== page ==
With new video coming regularly from music heavyweights like KCRW (LA), WFUV (NYC), KEXP (Seattle), and KUTX (Austin), as well as from established names like Mountain Stage, and WXPN (Philadelphia) / World Café, VuHaus bursts with eclectic sights and sounds. Genre-agnostic, the site’s curation team and special guest artists put together timely and thematic playlists, and introduce new artists of note.
Before VuHaus, public radio stations in major markets were hosting video sessions and tossing them up on YouTube. Musicians would stop by, lay down some amazing performances, and that was that. While the resulting videos would garner views aplenty, they didn’t capture the stations’ spirit, keep viewers engaged, introduce them with similar bands, or help music fans benefit from public radio’s proven track record of uncovering the best in music.
“Stations were invested in video, but weren’t getting anything out of it,” notes Mike Henry, a long-time public radio consultant and one of the driving forces behind VuHaus. “They started a dialog between themselves. We sat down and decided on a website, a branded way to face the consumer that wasn’t overtly public radio.” The interface is purposefully minimalist and easy to navigate.
VuHaus is attracting a coveted demographic for public media: young, tech-savvy viewers/listeners. “The majority of our traffic comes from social media,” comments Head of Marketing Michele Tharp. “Many of our views come from the VuHaus embeddable player, which can be found on NPR Music’s and other public media websites. Most views are happening on mobile devices.”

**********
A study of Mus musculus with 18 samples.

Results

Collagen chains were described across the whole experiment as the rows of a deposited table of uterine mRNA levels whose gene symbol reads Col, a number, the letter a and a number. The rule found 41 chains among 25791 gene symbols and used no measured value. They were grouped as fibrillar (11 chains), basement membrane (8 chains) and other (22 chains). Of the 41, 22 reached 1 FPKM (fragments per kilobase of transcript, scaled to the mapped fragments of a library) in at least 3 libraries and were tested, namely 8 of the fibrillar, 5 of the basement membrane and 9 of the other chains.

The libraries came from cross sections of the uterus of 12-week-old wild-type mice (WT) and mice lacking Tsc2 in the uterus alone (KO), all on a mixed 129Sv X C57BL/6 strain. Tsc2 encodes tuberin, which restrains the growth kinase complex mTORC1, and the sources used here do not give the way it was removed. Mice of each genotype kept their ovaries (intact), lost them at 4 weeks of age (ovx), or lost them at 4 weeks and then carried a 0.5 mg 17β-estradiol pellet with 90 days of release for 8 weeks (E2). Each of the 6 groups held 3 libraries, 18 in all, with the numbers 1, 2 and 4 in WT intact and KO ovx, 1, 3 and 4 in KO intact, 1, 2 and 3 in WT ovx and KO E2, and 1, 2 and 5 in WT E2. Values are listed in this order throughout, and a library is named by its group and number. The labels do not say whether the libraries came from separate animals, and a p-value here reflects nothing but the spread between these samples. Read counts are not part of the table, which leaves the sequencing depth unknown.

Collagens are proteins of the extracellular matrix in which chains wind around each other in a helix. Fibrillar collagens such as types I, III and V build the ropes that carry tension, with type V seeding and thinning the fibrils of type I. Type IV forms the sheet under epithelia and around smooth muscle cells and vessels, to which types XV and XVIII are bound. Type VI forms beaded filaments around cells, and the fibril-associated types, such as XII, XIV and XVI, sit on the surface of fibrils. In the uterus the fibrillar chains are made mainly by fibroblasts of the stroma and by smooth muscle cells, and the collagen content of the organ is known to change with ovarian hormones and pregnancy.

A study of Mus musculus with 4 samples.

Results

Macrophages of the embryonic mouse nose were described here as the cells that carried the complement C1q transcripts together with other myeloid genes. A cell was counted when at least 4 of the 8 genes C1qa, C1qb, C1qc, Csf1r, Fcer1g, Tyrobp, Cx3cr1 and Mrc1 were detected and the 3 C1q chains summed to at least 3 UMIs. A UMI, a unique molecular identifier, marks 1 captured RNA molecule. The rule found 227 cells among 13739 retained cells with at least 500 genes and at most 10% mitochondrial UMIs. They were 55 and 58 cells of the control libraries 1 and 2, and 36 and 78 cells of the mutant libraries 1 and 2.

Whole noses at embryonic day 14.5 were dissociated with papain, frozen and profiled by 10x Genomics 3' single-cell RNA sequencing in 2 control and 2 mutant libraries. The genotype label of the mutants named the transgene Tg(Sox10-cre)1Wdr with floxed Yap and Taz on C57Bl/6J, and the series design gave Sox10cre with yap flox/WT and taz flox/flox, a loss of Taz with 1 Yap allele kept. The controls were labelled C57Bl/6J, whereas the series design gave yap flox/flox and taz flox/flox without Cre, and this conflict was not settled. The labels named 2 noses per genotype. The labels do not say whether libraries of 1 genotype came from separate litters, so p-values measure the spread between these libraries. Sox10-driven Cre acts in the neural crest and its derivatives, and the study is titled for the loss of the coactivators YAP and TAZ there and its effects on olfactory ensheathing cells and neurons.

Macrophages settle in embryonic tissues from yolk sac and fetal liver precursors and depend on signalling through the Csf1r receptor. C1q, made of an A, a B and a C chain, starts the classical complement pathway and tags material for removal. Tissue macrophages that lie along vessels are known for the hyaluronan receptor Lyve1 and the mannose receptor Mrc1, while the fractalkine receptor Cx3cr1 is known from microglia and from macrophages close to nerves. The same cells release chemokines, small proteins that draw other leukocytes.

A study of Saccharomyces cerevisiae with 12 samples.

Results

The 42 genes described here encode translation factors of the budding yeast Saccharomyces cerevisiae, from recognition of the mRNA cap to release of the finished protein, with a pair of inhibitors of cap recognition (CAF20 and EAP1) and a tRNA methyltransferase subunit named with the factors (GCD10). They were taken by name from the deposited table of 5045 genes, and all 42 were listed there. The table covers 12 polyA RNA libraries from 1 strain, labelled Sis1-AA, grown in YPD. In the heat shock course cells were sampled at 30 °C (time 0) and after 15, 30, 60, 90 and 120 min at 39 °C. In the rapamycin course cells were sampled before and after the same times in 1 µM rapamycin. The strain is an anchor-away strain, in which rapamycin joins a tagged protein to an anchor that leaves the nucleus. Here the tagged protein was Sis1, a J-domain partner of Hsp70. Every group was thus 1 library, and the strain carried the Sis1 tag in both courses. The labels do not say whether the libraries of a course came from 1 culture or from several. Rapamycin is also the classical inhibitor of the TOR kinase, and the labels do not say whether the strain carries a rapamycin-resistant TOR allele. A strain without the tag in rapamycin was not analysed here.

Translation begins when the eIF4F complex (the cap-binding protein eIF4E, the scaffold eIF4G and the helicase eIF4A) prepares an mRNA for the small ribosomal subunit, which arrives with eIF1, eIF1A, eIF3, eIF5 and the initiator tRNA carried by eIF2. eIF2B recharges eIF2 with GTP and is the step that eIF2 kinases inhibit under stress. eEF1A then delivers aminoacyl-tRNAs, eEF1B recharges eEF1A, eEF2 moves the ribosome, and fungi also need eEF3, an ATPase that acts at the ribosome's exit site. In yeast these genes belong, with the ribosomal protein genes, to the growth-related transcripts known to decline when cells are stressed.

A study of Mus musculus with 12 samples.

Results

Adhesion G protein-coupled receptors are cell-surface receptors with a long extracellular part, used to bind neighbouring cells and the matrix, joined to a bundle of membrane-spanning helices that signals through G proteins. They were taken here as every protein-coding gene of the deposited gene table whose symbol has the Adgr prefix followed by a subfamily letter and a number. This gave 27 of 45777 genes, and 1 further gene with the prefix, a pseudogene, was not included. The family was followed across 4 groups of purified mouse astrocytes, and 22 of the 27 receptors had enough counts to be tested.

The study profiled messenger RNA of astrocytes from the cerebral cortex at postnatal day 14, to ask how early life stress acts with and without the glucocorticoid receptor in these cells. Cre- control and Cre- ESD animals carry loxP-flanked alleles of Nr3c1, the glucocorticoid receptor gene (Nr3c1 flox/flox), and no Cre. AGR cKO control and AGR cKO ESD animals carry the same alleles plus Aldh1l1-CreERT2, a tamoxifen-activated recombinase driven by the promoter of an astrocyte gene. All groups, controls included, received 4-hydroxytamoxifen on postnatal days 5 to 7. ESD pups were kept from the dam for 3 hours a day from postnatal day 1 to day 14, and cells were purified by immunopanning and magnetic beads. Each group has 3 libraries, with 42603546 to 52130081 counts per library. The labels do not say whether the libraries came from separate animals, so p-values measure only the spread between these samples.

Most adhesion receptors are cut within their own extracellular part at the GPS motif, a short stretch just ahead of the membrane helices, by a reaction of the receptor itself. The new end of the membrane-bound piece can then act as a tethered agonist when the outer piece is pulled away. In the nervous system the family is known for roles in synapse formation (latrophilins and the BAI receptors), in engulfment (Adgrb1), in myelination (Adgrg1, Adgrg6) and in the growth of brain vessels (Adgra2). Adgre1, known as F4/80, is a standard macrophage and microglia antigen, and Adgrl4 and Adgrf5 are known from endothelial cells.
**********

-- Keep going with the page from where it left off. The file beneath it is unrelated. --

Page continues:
Video may seem like a strange zag for non-commercial broadcast radio stations, but it fits well into the habits of a new generation of music fans. “That’s where music discovery is taking place,” VuHaus President Erik Langner explains. “The majority of music is discovered via video, especially among younger fans.”
It’s a powerful platform for established musicians to debut new work. Jason Isbell, for example, decided to play material from his new album a few weeks before its release, as an exclusive at KUTX in Austin, and the video blew up on VuHaus, the only place it was available online for his fans.
The platform is also a boon to independent and emerging artists, for whom a station session may be their first high-quality, multi-camera shoot. VuHaus powers discovery through careful curation, putting artistry first. Humans are involved at every step of the process: Stations book the bands, produce the sessions and submit their videos, and then VuHaus’ in-house curators classify and spotlight them. “Related Artists” are determined by people, not algorithms. Artists themselves are invited to create playlists of their favorite fellow performers or songs. Greg Holden spent hours watching and creating his.
VuHaus’ non-profit mission demands the human touch, as the goal is not scale or advertising revenue maximization, but supporting and encouraging music around the country. ”For us and our stations, it’s highly mission-driven,” Langner notes. “We are committed to giving artists, regardless of commercial appeal, a way to get out there. We don’t worry about page views, we worry about quality.“
There’s an advantage for stations, as well as listeners/viewers and artists. Unified, they carry more weight and can have a national presence, a benefit to ensure public radio expands, moves forward, and continues to serve its audiences in evolving ways.
“We’re growing rapidly on all fronts, both viewership and partners. We’re picking up new stations and markets,” Langner says. “For the stations, VuHaus is both an opportunity and a hedge. The stations don’t have the scale individually to move the needle in the digital and mobile space. If we want to be relevant for future generations, we need the scale, the national impact, the collective ability to enter into partnerships and provide meaningful places to encounter culture.”